What is Elbow Arthritis?

Elbow arthritis is a condition where the smooth cartilage lining of the two bone ends that make a joint become worn and damaged. The two bones no longer glide smoothly over each other. Instead, when they rub together it can cause pain. Over time bone spurs (osteophytes) can form around the joint as part of the arthritis process. These spurs can physically prevent the joint from moving a normal amount. In the elbow, these spurs can produce pain when they pinch against each other as you bend or straighten your elbow. 

Elbow arthritis can be the result of a previous injury (such as a fracture), an inflammatory condition (rheumatoid arthritis, gout etc), or for no obvious reason (primary osteoarthritis).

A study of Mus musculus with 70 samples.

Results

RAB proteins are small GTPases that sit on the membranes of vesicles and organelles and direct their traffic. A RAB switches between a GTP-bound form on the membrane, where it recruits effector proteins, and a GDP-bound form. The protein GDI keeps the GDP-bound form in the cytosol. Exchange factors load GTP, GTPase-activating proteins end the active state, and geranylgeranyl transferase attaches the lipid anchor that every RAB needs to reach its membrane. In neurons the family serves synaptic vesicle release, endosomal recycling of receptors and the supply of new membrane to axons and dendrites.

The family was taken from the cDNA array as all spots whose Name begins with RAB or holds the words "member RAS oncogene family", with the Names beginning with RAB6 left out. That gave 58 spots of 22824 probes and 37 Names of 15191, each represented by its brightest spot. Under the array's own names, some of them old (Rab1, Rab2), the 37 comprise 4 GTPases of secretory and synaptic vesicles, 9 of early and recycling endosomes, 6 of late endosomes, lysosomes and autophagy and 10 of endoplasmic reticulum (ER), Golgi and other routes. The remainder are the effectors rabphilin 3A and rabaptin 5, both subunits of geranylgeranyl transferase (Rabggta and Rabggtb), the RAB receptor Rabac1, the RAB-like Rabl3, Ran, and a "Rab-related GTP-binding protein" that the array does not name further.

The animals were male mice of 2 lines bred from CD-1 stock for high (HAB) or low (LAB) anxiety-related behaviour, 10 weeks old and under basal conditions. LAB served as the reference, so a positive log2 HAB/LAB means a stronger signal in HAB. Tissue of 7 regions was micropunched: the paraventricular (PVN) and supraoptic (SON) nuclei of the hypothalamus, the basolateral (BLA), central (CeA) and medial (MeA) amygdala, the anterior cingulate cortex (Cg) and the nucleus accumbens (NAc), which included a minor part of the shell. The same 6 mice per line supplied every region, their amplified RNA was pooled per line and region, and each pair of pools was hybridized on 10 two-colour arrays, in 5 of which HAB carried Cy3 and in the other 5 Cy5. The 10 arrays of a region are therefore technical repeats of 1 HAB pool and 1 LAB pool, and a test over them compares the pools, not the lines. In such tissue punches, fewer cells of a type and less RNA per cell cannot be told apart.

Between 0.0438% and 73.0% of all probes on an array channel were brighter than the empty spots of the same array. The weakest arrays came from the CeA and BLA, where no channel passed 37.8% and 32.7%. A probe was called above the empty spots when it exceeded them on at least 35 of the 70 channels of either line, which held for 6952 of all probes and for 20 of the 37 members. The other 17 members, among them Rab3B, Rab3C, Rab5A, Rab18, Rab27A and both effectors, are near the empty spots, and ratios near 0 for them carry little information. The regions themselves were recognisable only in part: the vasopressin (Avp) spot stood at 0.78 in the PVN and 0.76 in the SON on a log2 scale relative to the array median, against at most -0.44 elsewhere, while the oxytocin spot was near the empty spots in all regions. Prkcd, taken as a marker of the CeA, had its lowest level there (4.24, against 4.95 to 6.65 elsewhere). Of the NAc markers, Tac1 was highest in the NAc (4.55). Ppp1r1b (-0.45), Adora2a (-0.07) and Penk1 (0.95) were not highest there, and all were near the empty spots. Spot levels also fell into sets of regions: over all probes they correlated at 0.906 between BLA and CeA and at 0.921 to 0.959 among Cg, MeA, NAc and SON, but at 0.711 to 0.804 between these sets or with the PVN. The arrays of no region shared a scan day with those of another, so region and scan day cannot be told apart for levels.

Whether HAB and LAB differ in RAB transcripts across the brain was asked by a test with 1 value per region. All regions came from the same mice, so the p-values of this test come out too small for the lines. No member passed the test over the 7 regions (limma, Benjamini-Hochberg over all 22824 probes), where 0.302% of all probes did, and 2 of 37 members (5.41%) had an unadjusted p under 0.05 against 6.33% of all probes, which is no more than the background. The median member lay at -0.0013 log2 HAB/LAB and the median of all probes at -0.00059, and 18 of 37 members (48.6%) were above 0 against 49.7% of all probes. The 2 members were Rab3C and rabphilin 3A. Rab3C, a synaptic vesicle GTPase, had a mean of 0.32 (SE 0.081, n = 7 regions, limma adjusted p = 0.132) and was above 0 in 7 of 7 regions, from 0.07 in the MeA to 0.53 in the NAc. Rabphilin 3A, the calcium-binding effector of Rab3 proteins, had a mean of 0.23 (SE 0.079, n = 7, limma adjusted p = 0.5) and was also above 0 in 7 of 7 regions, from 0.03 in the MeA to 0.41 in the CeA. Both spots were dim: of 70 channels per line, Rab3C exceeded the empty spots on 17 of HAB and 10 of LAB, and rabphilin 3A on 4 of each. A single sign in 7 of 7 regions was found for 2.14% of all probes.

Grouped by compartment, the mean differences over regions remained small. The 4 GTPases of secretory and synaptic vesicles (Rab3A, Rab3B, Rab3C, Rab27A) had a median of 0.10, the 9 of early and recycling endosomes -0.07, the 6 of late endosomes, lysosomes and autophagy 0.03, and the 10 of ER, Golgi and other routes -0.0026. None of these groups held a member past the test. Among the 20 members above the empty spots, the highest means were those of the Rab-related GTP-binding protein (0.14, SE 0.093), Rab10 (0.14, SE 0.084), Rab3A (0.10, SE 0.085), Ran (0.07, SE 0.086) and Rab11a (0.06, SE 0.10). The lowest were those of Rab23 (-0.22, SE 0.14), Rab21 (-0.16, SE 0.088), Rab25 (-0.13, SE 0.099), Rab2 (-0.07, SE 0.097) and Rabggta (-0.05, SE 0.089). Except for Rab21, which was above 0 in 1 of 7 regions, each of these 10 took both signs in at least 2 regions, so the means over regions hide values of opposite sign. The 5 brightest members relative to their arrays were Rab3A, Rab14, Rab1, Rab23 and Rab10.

Symptoms of Elbow Arthritis

Elbow arthritis is not always symptomatic. In some cases, the only symptom a patient may notice is that the elbow cannot fully straighten. In other cases, the pain only occurs at the extremes of elbow movement when the bone spurs engage against each other.

Advanced cases will have persistent pain that is present whenever the elbow is moved. Elbow arthritis can also lead to the development of ulnar nerve problems as the nerve can be compressed against nearby bone spurs.

Treatment for Elbow Arthritis

Most cases of elbow arthritis do not require any treatment. If you have tried non-operative treatment but still have persistent symptoms of elbow arthritis then you may benefit from surgery. Surgery for elbow arthritis includes elbow arthroscopy, elbow replacement and ulnar nerve surgery.